Jon Kaiman decides against county executive run

Jon Kaiman, supervisor of the Town of North Jon Kaiman, supervisor of the Town of North Hempstead, at the installation of an historic roadside marker at Cedarmere, the former Roslyn Harbor home of William Cullen Bryant. (Feb. 13, 2013) Photo Credit: Newsday/Audrey C. Tiernan


Kaiman issued a statement saying he had declined Nassau Democratic chairman Jay Jacobs' invitation to participate in the party's executive committee screening of candidates for county executive last night.

"He will not be seeking the Democratic nomination," spokesman Justin Myers said in an email.

Kaiman could not be reached for comment.

Former County Executive Thomas Suozzi and businessman Adam Haber remain in the race for the Democratic nomination to run against Republican County Executive Edward Mangano this fall. Jacobs has been backing Suozzi for months.

Jacobs called Kaiman a "loyal Democrat and a good friend. He certainly is qualified to have done the job but I appreciate his decision and respect it and look forward to working very closely with him as we nominate Tom Suozzi and then elect Tom the next county executive."


Haber said, "I thank Jon for his continued leadership in North Hempstead. As a Democrat I know that our party's primary process will produce the best candidate to face Mangano this fall and take back Nassau County for the middle class."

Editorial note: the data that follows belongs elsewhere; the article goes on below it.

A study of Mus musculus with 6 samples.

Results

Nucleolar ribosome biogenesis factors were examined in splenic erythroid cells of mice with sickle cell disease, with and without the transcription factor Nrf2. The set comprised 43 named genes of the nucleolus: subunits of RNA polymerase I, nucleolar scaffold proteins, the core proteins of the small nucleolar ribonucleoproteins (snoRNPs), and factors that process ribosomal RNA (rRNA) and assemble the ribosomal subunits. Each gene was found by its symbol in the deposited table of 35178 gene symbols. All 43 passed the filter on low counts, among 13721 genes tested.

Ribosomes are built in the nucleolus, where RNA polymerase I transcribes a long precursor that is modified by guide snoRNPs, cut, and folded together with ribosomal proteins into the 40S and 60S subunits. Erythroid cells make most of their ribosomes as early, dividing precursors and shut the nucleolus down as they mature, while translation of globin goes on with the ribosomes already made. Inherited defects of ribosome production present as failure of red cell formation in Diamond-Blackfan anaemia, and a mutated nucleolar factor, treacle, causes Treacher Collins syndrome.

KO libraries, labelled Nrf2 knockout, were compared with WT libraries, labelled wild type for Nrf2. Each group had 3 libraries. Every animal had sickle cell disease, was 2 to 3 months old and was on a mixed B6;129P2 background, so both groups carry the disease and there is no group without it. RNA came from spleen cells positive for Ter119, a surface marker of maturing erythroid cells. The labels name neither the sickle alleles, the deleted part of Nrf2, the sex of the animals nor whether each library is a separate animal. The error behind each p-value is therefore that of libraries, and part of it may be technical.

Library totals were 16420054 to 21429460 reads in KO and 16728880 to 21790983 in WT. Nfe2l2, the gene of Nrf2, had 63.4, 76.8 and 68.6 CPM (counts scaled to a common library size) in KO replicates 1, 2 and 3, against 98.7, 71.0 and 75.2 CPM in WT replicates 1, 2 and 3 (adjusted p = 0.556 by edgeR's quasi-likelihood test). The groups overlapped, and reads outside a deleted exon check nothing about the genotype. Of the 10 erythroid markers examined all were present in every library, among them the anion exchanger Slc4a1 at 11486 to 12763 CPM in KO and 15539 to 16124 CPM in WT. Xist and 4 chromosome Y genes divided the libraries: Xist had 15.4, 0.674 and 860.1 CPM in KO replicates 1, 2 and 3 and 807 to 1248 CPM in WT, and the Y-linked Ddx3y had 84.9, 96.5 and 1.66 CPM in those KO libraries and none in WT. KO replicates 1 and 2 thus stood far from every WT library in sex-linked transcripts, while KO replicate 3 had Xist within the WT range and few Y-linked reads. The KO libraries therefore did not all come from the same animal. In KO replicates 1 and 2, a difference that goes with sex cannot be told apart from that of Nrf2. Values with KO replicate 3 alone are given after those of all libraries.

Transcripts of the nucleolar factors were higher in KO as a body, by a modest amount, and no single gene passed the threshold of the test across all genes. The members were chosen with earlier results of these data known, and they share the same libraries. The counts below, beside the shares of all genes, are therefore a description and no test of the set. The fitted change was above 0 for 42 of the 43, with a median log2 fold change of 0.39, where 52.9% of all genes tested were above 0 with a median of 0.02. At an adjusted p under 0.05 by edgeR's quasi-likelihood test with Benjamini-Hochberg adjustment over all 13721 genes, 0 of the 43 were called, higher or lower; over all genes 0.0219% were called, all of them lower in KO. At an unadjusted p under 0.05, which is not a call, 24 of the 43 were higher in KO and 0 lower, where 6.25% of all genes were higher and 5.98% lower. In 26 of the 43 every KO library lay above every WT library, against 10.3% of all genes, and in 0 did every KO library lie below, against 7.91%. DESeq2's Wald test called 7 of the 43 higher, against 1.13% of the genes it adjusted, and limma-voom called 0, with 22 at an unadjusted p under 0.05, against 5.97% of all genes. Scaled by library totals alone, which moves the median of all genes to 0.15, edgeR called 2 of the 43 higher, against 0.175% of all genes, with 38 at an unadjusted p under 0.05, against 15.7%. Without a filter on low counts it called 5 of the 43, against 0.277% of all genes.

Mangano spokesman Brian Nevin said, "Regardless of who's the candidate, residents will remember in November that Ed Mangano never raised their property taxes and even cut taxes by repealing the home energy tax." Suozzi as county executive had backed the 2.5 percent tax on home heating fuels as a way to raise $38 million to balance the county budget.

Kaiman announced last month that he was forming a campaign committee to explore a run for county executive this fall. His announcement came a day before Suozzi released a statement that he would run for his old job. Suozzi initially had said he wouldn't run but Jacobs publicly lobbied for him to enter the race.

It was unclear whether Kaiman, a former District Court judge who was elected town supervisor in 2004, would run for re-election this fall. "I have been urging him to consider that," Jacobs said. "I know that he has a passion for North Hempstead. He's dedicated a lot of years to the job and I'm sure he feels he's got more to do."

Democrats will hold their nominating convention for this fall's candidates in late May.